Hassina Sakher and Ithelma Nicolaas are two of 4000 immigrant woman who have
joined a bicycle course in the Netherlands this year. The aim is that they will be skilled
enough to ride with the Dutch flow.

Tilburg:
“It’s hard to stop!”, Hassina Sakher cries out. The front wheel of the bike waggles while one
of her legs hops to kill the speed. Ithelma Nicolaas steps onto her bike, but doesn’t manage to
move it forward before she steps down again.
“My problem is that I turn the peddles the wrong direction and get out of balance”, she
laughs.

The two women are wearing blue vests with huge white L’s on the front and back. Both the
women have lived in the Netherlands for three years now, Hassina is from Algeria and
Ithelma is from the Antilles. The first time they ever sat on a bike was in September this year.
“It felt strange, and I was so afraid of falling”, Ithelma says. Hassina felt like a child.
“I was so happy, I never thought I would manage it!”

Hassina and Ithelma are in the first stage of a bicycle course arranged by the national
bicycle support organisation “Landelijk Steunpunt Fiets”. First they will learn the basic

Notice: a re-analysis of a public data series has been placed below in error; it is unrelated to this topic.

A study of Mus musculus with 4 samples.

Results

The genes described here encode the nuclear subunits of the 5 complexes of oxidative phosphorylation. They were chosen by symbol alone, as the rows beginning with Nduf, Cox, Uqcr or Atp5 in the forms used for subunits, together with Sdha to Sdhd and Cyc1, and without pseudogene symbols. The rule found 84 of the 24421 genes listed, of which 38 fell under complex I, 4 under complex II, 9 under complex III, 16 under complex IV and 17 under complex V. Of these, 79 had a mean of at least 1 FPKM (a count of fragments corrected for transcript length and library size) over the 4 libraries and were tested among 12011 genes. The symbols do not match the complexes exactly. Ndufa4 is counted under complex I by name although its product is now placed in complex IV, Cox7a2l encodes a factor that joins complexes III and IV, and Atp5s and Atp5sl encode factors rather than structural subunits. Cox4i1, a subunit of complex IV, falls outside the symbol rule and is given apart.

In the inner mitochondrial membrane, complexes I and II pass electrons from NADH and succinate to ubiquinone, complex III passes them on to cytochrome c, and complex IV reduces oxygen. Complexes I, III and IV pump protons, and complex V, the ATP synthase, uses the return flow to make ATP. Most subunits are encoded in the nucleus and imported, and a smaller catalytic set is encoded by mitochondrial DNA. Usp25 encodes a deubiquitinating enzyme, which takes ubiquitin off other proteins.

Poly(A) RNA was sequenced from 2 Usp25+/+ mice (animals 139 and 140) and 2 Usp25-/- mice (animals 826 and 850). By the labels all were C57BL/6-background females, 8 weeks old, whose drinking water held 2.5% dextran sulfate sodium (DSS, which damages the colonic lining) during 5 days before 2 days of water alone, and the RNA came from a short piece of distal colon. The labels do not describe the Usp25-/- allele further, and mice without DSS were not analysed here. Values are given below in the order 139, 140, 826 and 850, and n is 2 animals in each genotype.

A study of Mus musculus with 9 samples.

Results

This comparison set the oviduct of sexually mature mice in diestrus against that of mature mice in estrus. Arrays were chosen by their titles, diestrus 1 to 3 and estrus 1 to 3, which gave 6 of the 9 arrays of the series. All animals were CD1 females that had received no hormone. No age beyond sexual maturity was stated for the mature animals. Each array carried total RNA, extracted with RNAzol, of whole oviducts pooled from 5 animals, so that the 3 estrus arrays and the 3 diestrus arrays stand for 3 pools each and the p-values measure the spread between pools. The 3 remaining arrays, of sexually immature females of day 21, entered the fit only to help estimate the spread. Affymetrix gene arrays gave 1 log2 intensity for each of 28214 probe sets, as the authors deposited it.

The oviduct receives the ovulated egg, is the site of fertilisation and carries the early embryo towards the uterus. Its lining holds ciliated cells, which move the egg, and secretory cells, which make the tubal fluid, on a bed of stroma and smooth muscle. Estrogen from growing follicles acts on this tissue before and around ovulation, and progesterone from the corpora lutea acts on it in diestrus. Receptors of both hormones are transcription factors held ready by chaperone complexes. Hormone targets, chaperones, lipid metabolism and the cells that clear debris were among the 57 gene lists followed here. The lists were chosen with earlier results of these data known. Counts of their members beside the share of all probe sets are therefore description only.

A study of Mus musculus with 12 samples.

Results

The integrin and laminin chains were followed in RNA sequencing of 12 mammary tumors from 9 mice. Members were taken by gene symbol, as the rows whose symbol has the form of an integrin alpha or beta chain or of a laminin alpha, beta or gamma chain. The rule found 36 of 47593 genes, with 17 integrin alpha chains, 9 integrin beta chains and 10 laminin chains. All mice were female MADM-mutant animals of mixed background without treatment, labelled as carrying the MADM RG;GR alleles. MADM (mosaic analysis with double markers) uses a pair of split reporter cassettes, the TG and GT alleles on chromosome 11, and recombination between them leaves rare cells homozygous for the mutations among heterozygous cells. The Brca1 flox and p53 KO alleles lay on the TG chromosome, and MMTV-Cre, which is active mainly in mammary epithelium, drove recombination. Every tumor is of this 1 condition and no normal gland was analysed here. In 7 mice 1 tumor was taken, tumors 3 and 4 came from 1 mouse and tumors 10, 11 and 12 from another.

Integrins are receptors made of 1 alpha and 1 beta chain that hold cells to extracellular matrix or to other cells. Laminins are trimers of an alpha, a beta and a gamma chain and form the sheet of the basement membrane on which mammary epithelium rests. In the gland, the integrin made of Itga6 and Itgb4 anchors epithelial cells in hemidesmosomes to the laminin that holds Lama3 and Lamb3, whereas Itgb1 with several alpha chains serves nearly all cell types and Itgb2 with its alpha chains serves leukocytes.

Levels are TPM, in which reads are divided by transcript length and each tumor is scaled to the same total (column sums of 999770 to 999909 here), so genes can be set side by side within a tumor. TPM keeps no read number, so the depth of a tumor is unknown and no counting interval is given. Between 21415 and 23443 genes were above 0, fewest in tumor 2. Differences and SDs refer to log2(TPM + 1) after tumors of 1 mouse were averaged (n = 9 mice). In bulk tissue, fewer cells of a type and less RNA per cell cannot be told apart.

technique, start – cycle – stop, and gradually they will move towards the traffic. When they
are considered skilled enough they will get a certificate and can be let loose by themselves.

“It was immigrant women who took the initiative and asked for courses”, says coordinator
in LSF Angela van der Kloof. The organisation was founded in 1996 in Tilburg, but bicycle
courses for immigrant women have existed for 25 years and now there are about 300 local
places with courses across the Netherlands.
“They see how practical it is and that it actually is a basic need to get around”, Angela van der
Kloof says. She has no statistics on how the number of course participants who actually rides
a bike, in the traffic is growing.
“Off course there might be some who are scared of biking alone when they are finished here, I
do see more and more immigrant woman in the bike lanes. The local authorities also say that
the number of immigrants on bikes is increasing.

“I will bike a lot when I’m finished. It will for example be more convenient to cycle my son
to the kindergarten”, Hassina says.
“I also think I will feel more integrated on a bike”. The coordinator also points out that there
are more than practical reasons for teaching immigrant women to ride a bike.
“This is important because it stimulates woman to develop themselves and take part in
society. One of the participants once said to me “I want to learn to cycle because I am the
only one walking”. It also make them more self confident. They hear “You’ll never mange to
ride a bike, but then they discover that they can do it step by step.”